Volunteer shortage worries organizations

By Debbi Elmore | September 30, 2021

Gwendolyn Starks, better known as Grandma Gwen, reads to children at the TOP Early Learning Center Northwest as part of the Foster Grandparent Program.

When Mark Mohesky retired, he quickly started volunteering with Meals on Wheels. Mohesky, who spent 33 years in the Wichita school district’s media production department, said he derives a great deal of satisfaction taking nutritious meals to people who might not otherwise have them.

“Getting out into the community to deliver the lunches and looking into the eyes of people who have maybe had some bad days but put that behind them to visit with you for a few minutes — when they might not have any human contact other than me that day — that’s a blessing for them and a blessing for us as volunteers,” Mohesky said.

Mike Mohesky

But volunteers such as Mohesky are in shorter supply these days, with nonprofit organizations across the region reporting a drop in their numbers due to the coronavirus pandemic and other factors. For some organizations such as Senior Services, Inc., which operates Meals on Wheels, older adults have always provided the bulk of their volunteer workforce.

“Volunteers are a vital piece to our organization, especially in the Meals on Wheels program,” said Karen Dao, director of programs for Senior Services, Inc. “Over the last few months, we have been experiencing a shortage of volunteers, requiring more staff to cover up to eight to 12 routes daily.  The reason for the decrease in volunteers is not exactly known, though we believe that surgeries and vacations that were postponed during the first year of COVID are being scheduled. There are also a number of volunteers that have returned to their teaching positions or back to their offices. The greatest need for volunteers is usually Tuesdays, Thursdays and Fridays.”

The Foster Grandparent Program operated by Catholic Charities of Wichita is also experiencing shortages in volunteers. The program places adults 55 and older in public and parochial schools, Head Start sites, Boys and Girls Clubs, TOP Early Learning Centers and summer camps across the area.

“Due to the pandemic, many Foster Grandparents chose not to return to the classroom last year,” Catholic Charities Senior Director of Ministries Joyce Mahoney said. “We are currently requiring Foster Grandparents to follow all COVID-19 precautions set by their volunteer sites, and we are requiring masks during our Foster Grandparent training sessions. We are looking to recruit more Foster Grandparents to ensure we can provide a spot for all of our funded positions this school year.”

Butler County Foster Grandparent Priscilla
Martinez helps a young student with his work.

Those still volunteering offer rave reviews about the experiences.

Foster Grandparent Gwendolyn Starks — known as Grandma Gwen — has been a prominent figure at TOP Early Learning Center Northwest for over four years. She spends her days reading to children, coloring with them, providing them hugs and helping teachers with their students in the classrooms. 

Starks has also taken on the role of part-time dishwasher, splitting her time between the classrooms and the kitchen. Having spent the majority of her career as a kitchen manager for USD 259, she is well qualified for the position.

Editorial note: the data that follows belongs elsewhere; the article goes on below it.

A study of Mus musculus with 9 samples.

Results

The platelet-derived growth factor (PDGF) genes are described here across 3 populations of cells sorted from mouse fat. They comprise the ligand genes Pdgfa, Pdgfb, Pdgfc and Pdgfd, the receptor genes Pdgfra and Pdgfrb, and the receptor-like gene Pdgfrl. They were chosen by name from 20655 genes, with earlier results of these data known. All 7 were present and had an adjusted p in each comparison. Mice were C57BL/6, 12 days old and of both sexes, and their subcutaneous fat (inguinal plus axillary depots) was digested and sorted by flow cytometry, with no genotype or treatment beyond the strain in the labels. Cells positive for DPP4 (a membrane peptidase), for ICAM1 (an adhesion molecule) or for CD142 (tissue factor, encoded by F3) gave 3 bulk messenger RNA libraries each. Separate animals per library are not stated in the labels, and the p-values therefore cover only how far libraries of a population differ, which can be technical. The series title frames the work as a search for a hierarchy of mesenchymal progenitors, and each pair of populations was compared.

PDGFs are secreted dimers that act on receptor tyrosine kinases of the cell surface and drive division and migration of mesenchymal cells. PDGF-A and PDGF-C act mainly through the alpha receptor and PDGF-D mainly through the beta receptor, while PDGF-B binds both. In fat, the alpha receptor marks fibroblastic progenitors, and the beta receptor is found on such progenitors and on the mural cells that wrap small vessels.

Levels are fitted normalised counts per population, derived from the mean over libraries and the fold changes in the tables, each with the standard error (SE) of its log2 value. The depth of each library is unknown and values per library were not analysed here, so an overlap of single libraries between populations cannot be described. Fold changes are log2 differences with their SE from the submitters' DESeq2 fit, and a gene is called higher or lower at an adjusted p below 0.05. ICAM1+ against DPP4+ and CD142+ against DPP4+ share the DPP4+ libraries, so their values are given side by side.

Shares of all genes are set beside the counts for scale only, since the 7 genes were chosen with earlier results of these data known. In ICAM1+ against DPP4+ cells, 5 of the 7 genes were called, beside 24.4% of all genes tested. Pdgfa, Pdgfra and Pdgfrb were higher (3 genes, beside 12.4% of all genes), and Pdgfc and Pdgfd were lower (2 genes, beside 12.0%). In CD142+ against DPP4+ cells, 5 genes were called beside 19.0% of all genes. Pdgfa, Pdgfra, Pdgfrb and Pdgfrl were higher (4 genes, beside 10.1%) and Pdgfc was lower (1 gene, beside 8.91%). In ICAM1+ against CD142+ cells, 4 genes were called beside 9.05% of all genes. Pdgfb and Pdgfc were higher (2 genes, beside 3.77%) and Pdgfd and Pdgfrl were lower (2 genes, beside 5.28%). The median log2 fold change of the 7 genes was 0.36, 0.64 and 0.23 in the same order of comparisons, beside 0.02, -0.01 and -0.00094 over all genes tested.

“They (the Foster Grandparents Program) brought me out here and I remember saying to the assistant director, ‘I like this place. Are there babies here?’ She said, ‘You like babies?’ I said, ‘Yes.’ She said, ‘We’ll keep you.’”

Crystal Noles, director of the Butler County Department on Aging, said the closing of schools and nonprofit organizations temporarily lessened the demand for volunteers, which could have lasting ramifications.

“Many of our volunteers saw this as an opportunity to retire from volunteering and focus on their own well-being and family time,” Noles said. “Other volunteers continued to stick with the program and embrace the creativity of our program managers, site supervisors, and their workstations as we all worked together to come up with safe ways for our volunteers to remain engaged.  These opportunities have ranged from picking up materials from teachers to help make take-home packets for students in the event of quarantine to relocating to a solitary location within the school where they can still participate via Zoom with the classroom and work one-on-one with certain children.”

The Harvey County Department on Aging is experiencing a shortfall of volunteers, according to Mary Adams, director of its RSVP program. “Volunteers have dropped out from the health concerns. They are protecting themselves from catching COVID.  Others have stopped volunteering because their health has declined during COVID. Some volunteers have stopped volunteering because their children are concerned about the volunteers’ lives.”

RSVP places volunteers in about 20 nonprofits in Harvey County, focusing on helping seniors stay in their homes by providing them with food, transportation to medical appointments and other services. Finding 44 more volunteers is a “must for the community,” Adams said.

“We are looking for volunteers that have the passion to help the elderly who are home bound stay in their homes through the Meals on Wheels,” she said. “Another program is providing a volunteer to go grocery shopping for the elderly homebound but who are able to cook.

“I feel that everyone wanting to volunteer for a few hours, or a few regular shifts during a week or a month would help every charity in Harvey County.”

Harvey County resident Pat Denno found her volunteer fit at the Et Cetera nonprofit community thrift shop in Newton. 

The community has been so good to me,” Denno said. “I wanted to give back.”